Invisibility; one of Pulmonary hypertension’s biggest, and most irritating problems. I have three types of people in my life. The people who are there when something is up, understand, and are doing their best at supporting me. The people who are attempting to learn, and understand this confusing disease, then last, the people who have heard it, seen it, probably don’t understand, and “don’t have time to.” We are human, and tend to do stupid human things like judge others on their outward appearance. Ahh, what a fatal mistake. Doctors judged me on my outward appearance for years, so long in fact that when I was eighteen they didn’t know how much longer I was going to live. Yet, I looked perfectly healthy. I may look fine, and act fine, but PH is still an extremely fatal disease. Judging people by their appearances is not just a social flaw, but a life threatening mistake. I can’t even count on both of my hands how many children, just children, died from PH this year, and how many people are in the hospital PHighting it right now. Its ridiculous. So how much longer are you going to think that this is “no big deal?”
With that being said, I hear patients talk all the time that they wish their best friends, significant other, parents, and sisters brothers cousin would understand. Remember PH’ers, they are not going to understand, and really it’s not their job to. Their job is to be supportive towards you. If they are trying to understand, then bonus points for them. Support is really the main key in lifting a patient’s spirits, not understanding. I’ve made a post like this before, but here I go again with just a little updated refresher!
THE DO’S AND DONT’S FOR THE PATIENT IN YOUR LIFE
When something happens, a new diagnosis, loss of a family member, bad test result, we tend to flock to that person, and back them into a corner for a response. Wait until the crowd dies down a little, and for a quiet moment to show your support in a non-harsh way.
–Don’t Ignore It
“Everyone’s texting them, so it makes no difference if I do.” Really, I mean really? What animal taught you to think that way?
–Do Send a Card
The art of the hand written note, or letter, is pretty much lost. We have social media, texting, Facebook cards, and everything else that substitutes it. When someone receives a card, it shows that you went out of your way to sit down, and write them. It’s a nice thought that few go through with.
–Do Respect Privacy
It’s not everyone’s business that their cancer, disease, or whatever is back, and got worse. Some of us patients are extroverts, and vent when something happens, and others invest privately in a few people. Respect that if you are one of the few chosen. My rule is, if they’ve posted on social media about it, then its ok for me to share with who I think I need to.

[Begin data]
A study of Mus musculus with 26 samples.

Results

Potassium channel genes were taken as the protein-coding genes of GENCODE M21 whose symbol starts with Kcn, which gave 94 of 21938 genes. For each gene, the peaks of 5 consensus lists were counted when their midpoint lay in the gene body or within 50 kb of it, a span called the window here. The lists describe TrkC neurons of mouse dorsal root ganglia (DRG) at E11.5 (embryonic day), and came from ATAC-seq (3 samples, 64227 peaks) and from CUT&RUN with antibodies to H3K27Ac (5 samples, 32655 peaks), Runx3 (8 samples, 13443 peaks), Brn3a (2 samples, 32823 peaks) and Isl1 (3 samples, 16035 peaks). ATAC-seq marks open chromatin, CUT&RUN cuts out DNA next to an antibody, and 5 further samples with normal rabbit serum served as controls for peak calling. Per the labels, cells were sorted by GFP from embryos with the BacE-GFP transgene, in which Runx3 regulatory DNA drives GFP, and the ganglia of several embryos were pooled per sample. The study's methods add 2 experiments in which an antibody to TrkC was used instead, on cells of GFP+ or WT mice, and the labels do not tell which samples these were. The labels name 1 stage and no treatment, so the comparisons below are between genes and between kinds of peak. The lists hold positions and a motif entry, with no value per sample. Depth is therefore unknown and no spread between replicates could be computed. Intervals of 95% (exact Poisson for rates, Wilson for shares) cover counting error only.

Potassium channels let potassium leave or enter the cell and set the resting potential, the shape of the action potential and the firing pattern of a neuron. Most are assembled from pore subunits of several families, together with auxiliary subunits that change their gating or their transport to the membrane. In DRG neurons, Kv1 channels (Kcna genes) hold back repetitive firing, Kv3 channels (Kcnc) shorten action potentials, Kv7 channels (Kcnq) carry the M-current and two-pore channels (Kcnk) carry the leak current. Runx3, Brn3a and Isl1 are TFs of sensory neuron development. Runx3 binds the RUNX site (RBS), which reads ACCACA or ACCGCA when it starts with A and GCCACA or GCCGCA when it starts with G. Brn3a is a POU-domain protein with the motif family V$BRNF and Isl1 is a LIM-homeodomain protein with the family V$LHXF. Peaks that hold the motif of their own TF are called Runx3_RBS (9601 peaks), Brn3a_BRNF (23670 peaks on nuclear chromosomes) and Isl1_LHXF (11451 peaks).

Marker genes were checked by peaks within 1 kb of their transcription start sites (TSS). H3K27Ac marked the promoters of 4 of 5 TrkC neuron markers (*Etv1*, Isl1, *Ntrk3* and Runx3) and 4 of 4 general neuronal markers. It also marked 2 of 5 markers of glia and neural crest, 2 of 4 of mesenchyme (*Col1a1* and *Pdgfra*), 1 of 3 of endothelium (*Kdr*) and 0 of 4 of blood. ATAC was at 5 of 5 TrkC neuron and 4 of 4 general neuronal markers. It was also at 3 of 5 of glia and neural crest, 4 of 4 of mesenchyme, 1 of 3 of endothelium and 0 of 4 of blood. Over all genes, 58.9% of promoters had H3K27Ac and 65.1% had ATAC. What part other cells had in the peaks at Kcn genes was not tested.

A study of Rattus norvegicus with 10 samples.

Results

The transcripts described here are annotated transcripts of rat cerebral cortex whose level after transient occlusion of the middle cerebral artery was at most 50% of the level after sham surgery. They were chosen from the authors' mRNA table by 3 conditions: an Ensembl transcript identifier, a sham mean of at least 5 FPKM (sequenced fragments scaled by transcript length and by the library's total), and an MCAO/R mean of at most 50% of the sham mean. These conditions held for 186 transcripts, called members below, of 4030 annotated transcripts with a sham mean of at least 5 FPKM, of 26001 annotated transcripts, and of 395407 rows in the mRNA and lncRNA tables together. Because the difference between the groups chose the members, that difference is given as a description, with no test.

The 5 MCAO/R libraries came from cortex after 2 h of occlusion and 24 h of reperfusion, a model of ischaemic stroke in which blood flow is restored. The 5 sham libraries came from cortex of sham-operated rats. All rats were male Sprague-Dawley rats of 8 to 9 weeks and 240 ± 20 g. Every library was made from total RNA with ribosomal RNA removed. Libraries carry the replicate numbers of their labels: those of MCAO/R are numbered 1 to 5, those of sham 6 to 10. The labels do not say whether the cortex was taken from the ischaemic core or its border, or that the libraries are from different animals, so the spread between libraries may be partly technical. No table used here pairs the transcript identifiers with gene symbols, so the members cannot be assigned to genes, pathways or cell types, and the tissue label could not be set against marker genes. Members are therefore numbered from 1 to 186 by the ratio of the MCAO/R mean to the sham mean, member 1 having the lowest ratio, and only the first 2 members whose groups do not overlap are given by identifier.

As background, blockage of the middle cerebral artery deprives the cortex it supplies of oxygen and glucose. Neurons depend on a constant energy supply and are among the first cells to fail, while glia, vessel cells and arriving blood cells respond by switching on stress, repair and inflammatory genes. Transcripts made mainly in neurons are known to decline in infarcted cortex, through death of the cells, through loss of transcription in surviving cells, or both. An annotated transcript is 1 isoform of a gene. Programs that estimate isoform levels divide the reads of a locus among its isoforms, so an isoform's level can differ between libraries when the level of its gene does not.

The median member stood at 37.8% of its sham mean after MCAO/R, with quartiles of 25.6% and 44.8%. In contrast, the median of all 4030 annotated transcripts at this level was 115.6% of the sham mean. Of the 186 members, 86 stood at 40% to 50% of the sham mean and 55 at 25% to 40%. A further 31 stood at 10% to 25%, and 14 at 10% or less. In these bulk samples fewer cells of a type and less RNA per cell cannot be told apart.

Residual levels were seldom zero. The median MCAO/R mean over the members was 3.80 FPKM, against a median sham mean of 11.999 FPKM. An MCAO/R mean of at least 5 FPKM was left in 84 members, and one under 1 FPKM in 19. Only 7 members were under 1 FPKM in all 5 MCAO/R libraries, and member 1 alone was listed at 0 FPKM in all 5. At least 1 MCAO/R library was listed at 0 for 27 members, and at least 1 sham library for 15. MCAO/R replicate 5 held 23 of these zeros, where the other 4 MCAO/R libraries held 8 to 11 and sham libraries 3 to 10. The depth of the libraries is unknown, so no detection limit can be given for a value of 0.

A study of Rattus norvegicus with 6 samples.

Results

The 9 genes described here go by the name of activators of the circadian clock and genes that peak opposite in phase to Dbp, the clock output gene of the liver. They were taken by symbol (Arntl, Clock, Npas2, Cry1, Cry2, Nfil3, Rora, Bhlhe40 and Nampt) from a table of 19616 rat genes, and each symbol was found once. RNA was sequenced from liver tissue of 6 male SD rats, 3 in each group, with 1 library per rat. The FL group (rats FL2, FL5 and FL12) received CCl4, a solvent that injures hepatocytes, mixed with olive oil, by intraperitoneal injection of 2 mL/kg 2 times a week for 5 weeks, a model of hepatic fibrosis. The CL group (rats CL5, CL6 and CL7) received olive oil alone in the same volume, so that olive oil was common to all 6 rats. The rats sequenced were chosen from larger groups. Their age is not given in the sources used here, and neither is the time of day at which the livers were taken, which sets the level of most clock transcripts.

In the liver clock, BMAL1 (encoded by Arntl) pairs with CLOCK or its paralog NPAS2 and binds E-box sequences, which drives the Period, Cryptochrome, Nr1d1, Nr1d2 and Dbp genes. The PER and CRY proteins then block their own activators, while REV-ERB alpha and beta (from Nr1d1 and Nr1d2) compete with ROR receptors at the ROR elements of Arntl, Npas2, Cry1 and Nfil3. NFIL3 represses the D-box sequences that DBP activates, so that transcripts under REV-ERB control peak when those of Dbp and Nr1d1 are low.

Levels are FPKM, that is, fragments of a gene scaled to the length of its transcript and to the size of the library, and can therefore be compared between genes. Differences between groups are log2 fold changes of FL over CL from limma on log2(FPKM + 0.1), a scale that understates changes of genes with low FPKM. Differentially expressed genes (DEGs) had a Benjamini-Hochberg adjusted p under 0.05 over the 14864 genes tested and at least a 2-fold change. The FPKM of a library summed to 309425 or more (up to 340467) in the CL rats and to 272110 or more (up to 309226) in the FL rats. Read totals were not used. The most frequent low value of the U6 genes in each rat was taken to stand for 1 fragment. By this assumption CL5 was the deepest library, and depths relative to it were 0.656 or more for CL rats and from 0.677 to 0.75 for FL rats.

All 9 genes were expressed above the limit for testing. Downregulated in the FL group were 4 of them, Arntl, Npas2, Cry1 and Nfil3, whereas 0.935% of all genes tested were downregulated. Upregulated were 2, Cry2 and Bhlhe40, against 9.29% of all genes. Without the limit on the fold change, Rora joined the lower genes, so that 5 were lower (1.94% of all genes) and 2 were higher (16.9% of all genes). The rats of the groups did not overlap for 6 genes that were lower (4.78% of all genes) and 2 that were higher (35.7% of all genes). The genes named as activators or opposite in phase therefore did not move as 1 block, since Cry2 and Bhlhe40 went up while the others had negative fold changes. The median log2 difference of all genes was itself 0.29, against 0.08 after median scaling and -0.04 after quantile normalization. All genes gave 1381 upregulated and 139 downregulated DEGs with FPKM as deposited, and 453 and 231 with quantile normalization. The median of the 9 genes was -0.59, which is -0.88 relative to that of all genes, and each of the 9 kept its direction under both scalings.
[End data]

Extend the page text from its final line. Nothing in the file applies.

–Don’t Offer Fake Support
There is a difference in real support, and “support.” For example, the girlfriend in the movie 50/50 wouldn’t go to chemo with her boyfriend, because she didn’t want to mix with those “bad vibes.” So she only drove him to treatment. Horrible, horrible, horrible girlfriend. Real support consists of hospital stays, visits, knowing exactly what is going on, checking up no matter what time it is, going to events, helping at events, and not leaving the patient even questioning if you’ll be there.
–Don’t Make It a Big Deal
Don’t freak out, make it big, and exaggerate everything. It makes it hard on the patient when the disease becomes the rock. It’s just something that happened to us. When you constantly remind us of what flaw we have, its annoying.
–But DO Make It a Big Deal
At the same time, don’t blow it off. For me, my “diagnosis anniversary” is a big deal. When you blow that off, that can set me off. When a conference, meeting, 5K Marathon, or support group meeting is no big deal to you, you are kind of failing, and being an asshole. It’s a tricky balance of knowing what to make big, and when to do it.
–Don’t Exhaust Yourself
We aren’t asking for the royal treatment by any means. This friendship, like any, is different and has its quirks. It should be no big deal to you. You can still make all the difficult stuff just as much fun, and easy to breeze through. Just like any relationship, it takes two people, and appreciation to make it work.
This by far isn’t everything, however, I’m on a series of different pain medications after surgery this week, and I’m having a little trouble focusing! haha! Thank you to every person who texted, prayed, checked on me, and showed true support. It means more than you know! Now, let’s have a fantastic Monday. Check out the NEW CONTEST UNDER THE CONTEST TAB!! Its easy, and exciting! Also, Song Of The Week is BAAAAAAACK! Enjoy the new hit single, Cheap Sunglasses by RAC.